SOURCE: Land Registry House Price Statistics in N.I., Feb 2013 – Feb 2023.
To sum up the numbers in the above table, the average house price in Northern Ireland rose by £77,806 in the last decade – a staggering growth of 58%.
In 2021 alone, £1million was added to the UK’s housing market every single minute according to the Equity Release Council. The good news is that despite economic uncertainty casting a shadow over 2023, this latest Land Registry data shows that average house prices remain higher than they were a year ago.
Breakdown of house prices by property type
Owners of detached houses across Northern Ireland saw the biggest monetary and percentage rise in property prices in the 12 months leading up to February 2023. The average value of a detached home in the country now stands at £269,013 – a jump of 7.51% in one year from £249,518, providing £19,495 more equity.
Semi-detached homes in Northern Ireland enjoyed very similar increases of 7.45% over the year, taking them up to an average of £169,556. Terraced properties in Northern Ireland saw a rise of 5.8% in the last year, with the typical property now worth £122,136.
According to PropertyPal, Northern Ireland’s leading property portal, the average new-build property in the country is now worth £235,000. That’s an increase of 10.8% annually.
Most and least expensive places to buy a home in Northern Ireland
Of course, Northern Ireland offers a huge range of property types and values across its green lands, so let’s take a look at regional variances to break things down further.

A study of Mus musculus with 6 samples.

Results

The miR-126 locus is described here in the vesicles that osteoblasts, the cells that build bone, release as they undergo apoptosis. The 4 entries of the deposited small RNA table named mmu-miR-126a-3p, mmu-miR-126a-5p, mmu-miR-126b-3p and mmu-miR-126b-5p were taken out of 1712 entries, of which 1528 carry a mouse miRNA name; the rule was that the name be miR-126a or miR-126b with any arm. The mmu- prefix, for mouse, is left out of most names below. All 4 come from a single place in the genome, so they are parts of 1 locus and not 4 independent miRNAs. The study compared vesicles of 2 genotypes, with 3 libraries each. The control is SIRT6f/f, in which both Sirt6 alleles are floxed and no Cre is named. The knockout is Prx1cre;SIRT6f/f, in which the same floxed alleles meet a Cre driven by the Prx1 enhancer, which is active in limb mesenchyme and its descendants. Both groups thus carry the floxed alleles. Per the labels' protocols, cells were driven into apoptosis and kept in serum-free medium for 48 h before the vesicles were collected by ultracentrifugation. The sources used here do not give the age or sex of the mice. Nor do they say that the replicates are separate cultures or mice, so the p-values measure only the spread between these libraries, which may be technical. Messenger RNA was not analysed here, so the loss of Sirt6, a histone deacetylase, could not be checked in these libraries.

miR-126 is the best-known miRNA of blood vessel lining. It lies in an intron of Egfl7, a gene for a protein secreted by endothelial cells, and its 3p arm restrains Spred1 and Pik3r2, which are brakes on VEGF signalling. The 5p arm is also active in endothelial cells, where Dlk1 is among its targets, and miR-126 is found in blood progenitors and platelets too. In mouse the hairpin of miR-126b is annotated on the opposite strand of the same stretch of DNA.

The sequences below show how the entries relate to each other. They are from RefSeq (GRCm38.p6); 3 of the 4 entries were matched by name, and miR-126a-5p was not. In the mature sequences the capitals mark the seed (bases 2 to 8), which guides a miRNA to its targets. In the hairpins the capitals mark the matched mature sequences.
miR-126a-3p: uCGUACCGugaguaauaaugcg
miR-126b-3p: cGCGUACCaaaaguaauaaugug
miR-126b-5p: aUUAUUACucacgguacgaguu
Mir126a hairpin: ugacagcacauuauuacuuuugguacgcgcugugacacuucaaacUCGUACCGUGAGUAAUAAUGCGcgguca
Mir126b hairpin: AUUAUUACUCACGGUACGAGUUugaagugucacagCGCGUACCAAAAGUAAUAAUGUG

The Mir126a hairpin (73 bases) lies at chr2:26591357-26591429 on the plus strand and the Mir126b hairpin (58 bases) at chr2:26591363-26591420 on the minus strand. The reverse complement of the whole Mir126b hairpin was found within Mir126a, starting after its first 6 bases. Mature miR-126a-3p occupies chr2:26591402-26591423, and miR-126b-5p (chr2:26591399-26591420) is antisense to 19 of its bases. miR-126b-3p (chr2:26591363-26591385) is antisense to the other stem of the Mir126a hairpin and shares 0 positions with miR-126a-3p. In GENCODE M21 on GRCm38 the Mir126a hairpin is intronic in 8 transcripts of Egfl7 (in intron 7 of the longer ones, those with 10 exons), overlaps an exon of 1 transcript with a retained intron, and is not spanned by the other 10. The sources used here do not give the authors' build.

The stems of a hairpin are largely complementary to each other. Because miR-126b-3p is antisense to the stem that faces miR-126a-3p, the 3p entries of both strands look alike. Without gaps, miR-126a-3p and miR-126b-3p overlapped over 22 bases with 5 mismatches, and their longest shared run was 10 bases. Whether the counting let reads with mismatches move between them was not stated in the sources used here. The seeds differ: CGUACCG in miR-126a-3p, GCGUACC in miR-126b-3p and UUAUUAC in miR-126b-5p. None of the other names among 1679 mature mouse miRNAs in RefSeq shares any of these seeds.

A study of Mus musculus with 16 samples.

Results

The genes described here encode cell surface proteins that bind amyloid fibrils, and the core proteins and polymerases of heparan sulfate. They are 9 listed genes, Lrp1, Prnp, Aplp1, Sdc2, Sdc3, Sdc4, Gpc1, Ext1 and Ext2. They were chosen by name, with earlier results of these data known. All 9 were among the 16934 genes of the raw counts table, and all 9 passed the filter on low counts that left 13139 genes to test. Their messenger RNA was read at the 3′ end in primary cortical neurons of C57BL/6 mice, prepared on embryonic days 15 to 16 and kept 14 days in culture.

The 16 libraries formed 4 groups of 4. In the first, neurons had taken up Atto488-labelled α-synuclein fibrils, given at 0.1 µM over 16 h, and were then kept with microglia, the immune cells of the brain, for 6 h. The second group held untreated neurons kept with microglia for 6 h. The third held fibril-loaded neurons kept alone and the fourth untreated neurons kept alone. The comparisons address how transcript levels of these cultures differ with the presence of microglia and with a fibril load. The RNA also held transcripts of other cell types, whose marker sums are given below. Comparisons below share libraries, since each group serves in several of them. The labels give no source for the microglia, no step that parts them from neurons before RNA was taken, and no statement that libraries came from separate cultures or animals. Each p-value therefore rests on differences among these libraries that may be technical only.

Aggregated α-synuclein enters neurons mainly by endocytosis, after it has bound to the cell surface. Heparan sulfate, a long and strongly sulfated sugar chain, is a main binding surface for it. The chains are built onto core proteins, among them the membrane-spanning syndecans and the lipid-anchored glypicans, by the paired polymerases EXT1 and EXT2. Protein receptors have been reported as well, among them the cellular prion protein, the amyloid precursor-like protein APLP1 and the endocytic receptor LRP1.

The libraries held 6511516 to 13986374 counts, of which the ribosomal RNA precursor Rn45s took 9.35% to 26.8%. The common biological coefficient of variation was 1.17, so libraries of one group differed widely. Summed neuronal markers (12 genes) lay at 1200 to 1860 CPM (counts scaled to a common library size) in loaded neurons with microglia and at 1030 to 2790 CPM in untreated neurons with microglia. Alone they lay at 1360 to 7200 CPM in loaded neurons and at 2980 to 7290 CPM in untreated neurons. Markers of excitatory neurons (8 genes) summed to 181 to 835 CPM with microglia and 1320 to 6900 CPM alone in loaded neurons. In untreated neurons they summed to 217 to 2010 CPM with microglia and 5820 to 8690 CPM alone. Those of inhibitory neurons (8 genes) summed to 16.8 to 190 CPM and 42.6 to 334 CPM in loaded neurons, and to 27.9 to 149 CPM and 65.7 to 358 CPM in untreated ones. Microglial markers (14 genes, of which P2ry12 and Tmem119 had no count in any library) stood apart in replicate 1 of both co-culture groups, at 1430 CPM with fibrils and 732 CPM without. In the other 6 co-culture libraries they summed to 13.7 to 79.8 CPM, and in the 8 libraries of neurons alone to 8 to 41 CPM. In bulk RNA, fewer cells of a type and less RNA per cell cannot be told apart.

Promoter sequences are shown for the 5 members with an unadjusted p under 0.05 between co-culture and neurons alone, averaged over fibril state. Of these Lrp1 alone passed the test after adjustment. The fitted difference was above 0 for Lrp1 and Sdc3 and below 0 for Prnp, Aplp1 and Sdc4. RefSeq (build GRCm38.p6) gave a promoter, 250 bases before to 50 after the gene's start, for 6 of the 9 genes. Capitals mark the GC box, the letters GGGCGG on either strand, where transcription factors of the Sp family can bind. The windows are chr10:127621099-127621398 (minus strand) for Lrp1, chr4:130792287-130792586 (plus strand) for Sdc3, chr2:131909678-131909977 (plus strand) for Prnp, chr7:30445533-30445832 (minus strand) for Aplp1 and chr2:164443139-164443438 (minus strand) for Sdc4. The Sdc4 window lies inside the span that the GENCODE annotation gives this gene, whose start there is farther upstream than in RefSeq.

According to PropertyPal, the highest average property prices in Northern Ireland are in Lisburn and Castlereagh. Their latest report – the Northern Ireland Housing Market Update for Q1 2023 – reveals that a typical home here will set you back £232,000.
This is followed by Ards and North Down where the average home was worth £231,300 in the first quarter of 2023. The region with the lowest average property value is in Londonderry and Strabane, where a typical home is worth £157,600.
Northern Ireland’s biggest house price increases by percentage
In percentage terms, homes in Armagh City, Banbridge and Craigavon saw the largest increases to their property prices, with an impressive 10.1% growth in the last 12 months. The average home there is now worth £173,600.
Causeway Coast & Glens saw the next largest percentage increase of its typical house prices, with a rise of 9.6% to £206,700.
Belfast saw the country’s third biggest rise in property prices, with the average home increasing by 9.3% to £210,500, according to the report.
The rises are great news for over-55s in the region considering equity release; Northern Ireland properties could provide a welcome source of financial support for homeowners.